Zebras may use memory to guide their migration each year. Memory based on past average conditions provides a clear signal that best directs zebras to their destination. In contrast, current vegetation conditions along the way are less important for the direction of the migration according to a computer simulation by researchers from Senckenberg. The study, published in Proceedings of the Royal Society B, highlights that migration routes of large terrestrial mammals such as zebras could be more inflexible than previously thought.
It’s incredible to watch: each year thousands of animals, including zebras, wildebeests and gazelles, migrate in turn with the seasons between foraging grounds. The animals migrate long distances in their search for sufficient and highly nutritious forage. While science has explained certain aspects of this migration, it is not fully understood how the animals know where to go.
Chloe Bracis, a researcher at the German Senckenberg Biodiversity and Climate Research Centre and the Goethe University Frankfurt, has found that memory is the key to directing zebra migration: "Zebras appear to migrate to the location where foraging conditions were best in the past. They seem to navigate to their destination based on memory, and importantly, forecast conditions several months after arrival."
As part of the study, Bracis and her colleague Thomas Mueller modelled migration routes of zebras using computer simulations. Zebras migrate around 250 kilometers from the Okavango Delta, Botswana to the Makgadikgadi grasslands in November. "We tested two mechanisms which can influence the direction. Simulated zebras could use perception and sense, for example, the vegetation green up in their current surroundings. Alternatively, zebras could use memory, i.e. information from previous migrations, to forecast where to go ," explains Mueller.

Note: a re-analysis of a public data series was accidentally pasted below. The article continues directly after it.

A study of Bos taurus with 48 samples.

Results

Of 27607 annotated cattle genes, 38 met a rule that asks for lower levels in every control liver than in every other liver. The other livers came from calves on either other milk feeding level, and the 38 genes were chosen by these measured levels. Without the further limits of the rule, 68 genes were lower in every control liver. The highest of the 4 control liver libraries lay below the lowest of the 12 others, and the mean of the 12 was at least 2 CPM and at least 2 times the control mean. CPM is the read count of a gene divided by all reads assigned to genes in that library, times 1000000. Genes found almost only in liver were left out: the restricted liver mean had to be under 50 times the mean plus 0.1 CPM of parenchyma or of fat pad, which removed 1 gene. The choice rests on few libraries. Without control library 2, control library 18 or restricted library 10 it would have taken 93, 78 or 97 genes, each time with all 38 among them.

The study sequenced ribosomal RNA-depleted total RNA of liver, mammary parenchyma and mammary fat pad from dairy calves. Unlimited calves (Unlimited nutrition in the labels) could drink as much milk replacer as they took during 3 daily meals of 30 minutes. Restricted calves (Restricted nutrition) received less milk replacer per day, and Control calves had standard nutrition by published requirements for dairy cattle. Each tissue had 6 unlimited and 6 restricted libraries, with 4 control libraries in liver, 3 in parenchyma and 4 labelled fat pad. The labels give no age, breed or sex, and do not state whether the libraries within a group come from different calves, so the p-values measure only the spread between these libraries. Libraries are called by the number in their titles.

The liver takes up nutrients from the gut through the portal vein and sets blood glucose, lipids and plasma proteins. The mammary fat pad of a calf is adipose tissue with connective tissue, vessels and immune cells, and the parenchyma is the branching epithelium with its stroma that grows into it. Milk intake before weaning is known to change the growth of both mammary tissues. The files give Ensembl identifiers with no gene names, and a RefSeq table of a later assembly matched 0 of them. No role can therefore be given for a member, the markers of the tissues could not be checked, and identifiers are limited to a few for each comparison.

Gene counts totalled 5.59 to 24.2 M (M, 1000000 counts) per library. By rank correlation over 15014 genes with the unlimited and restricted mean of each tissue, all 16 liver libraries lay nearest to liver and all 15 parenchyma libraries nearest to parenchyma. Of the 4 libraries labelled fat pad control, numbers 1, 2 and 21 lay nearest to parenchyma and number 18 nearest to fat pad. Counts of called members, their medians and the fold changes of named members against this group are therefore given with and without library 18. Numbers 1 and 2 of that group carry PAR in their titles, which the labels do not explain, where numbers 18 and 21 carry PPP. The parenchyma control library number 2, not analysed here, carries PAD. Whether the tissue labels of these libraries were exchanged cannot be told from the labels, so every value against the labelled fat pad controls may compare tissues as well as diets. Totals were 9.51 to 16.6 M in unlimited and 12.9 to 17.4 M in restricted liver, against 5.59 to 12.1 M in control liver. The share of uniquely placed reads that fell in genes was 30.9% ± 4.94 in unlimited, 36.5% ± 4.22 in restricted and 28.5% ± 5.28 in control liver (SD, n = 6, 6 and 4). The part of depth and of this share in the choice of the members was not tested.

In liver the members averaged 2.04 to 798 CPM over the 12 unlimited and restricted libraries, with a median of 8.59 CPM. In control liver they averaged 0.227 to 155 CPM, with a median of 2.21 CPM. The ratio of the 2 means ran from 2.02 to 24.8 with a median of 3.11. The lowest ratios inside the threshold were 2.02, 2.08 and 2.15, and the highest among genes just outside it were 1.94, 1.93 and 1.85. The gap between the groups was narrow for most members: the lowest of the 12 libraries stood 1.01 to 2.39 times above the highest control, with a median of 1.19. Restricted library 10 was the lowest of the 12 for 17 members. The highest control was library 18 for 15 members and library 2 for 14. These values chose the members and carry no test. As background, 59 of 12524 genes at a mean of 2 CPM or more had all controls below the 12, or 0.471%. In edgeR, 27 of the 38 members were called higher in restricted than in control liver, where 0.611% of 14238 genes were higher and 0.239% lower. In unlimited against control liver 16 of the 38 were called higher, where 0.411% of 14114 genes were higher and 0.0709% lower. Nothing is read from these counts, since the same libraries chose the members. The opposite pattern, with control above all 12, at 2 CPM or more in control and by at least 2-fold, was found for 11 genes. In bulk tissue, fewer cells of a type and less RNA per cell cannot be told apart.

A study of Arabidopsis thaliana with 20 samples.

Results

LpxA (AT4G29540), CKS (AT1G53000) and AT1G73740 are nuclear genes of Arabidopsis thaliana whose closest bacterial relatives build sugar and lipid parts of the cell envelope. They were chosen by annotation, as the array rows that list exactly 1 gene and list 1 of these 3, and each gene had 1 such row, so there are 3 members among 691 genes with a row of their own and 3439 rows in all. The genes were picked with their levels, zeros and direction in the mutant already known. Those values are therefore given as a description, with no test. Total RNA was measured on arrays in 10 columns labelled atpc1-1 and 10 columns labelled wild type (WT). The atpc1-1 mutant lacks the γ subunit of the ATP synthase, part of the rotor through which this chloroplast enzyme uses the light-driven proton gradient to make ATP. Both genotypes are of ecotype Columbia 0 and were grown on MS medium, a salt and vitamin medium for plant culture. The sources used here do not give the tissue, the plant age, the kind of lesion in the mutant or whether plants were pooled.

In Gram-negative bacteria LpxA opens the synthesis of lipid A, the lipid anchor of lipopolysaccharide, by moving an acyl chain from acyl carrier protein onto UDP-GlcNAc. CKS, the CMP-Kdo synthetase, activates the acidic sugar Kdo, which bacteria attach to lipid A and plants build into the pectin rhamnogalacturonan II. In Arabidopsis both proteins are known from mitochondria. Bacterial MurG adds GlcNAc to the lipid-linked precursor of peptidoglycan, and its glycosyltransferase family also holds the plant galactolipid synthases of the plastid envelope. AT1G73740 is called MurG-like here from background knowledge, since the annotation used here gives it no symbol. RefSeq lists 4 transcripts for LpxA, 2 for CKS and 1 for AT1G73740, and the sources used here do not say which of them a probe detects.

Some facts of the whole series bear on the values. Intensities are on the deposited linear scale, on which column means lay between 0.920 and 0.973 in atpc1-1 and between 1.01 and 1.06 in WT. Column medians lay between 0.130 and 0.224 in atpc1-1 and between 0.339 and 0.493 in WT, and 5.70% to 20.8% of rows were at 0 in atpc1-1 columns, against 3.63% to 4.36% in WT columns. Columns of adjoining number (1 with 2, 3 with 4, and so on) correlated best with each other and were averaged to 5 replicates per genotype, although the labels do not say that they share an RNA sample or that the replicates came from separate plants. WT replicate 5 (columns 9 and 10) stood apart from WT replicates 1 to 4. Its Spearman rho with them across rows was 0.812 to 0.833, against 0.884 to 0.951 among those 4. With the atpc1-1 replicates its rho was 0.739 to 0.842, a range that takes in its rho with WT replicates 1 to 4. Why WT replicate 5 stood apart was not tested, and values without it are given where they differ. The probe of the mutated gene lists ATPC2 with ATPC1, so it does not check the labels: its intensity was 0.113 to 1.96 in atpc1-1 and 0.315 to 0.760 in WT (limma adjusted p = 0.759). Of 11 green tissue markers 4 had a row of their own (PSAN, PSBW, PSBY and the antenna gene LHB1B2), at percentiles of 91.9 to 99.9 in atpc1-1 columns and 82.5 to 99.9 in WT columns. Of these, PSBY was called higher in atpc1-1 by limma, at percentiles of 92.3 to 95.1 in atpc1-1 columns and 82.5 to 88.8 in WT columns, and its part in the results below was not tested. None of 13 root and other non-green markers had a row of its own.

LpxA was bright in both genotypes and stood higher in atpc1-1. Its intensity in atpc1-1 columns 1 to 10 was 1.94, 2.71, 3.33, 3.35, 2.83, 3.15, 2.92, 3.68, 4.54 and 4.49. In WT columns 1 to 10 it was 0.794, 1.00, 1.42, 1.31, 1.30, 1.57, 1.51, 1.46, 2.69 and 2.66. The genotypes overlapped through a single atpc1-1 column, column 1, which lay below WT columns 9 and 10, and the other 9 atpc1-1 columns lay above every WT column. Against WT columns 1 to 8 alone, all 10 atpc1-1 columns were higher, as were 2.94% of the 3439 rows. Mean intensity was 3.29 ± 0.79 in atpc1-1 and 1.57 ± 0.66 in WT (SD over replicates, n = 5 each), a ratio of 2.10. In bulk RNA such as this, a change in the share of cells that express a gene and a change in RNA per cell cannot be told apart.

The researchers compared the simulated tracks with real-life tracks from GPS-tagged zebras which were collected by other researchers. Memory using past average conditions was able to predict the migration destination of the modelled zebras up to four times closer than those modelled using perception to find their way. "Memory even beats perception at the largest — that is omniscient — perceptual ranges," says Bracis and adds "However perception is still important. Other studies have shown the importance of perception of current local conditions on the timing and speed of the zebra migration, but these may be less important for zebras in terms of direction."
Migration routes of zebras are threatened by climate change and land use change in southern Africa. The zebra migration examined in this study, for instance, was blocked by a fence from the late 60’s until 2004. The researchers therefore see the study as contributing to the conservation of large migratory terrestrial mammals such as zebras. "One can only protect migration routes efficiently if one knows how the animals migrate. If memory of past conditions informs the direction migrating animals take, this suggests migration routes could be relatively inflexible," concludes Mueller.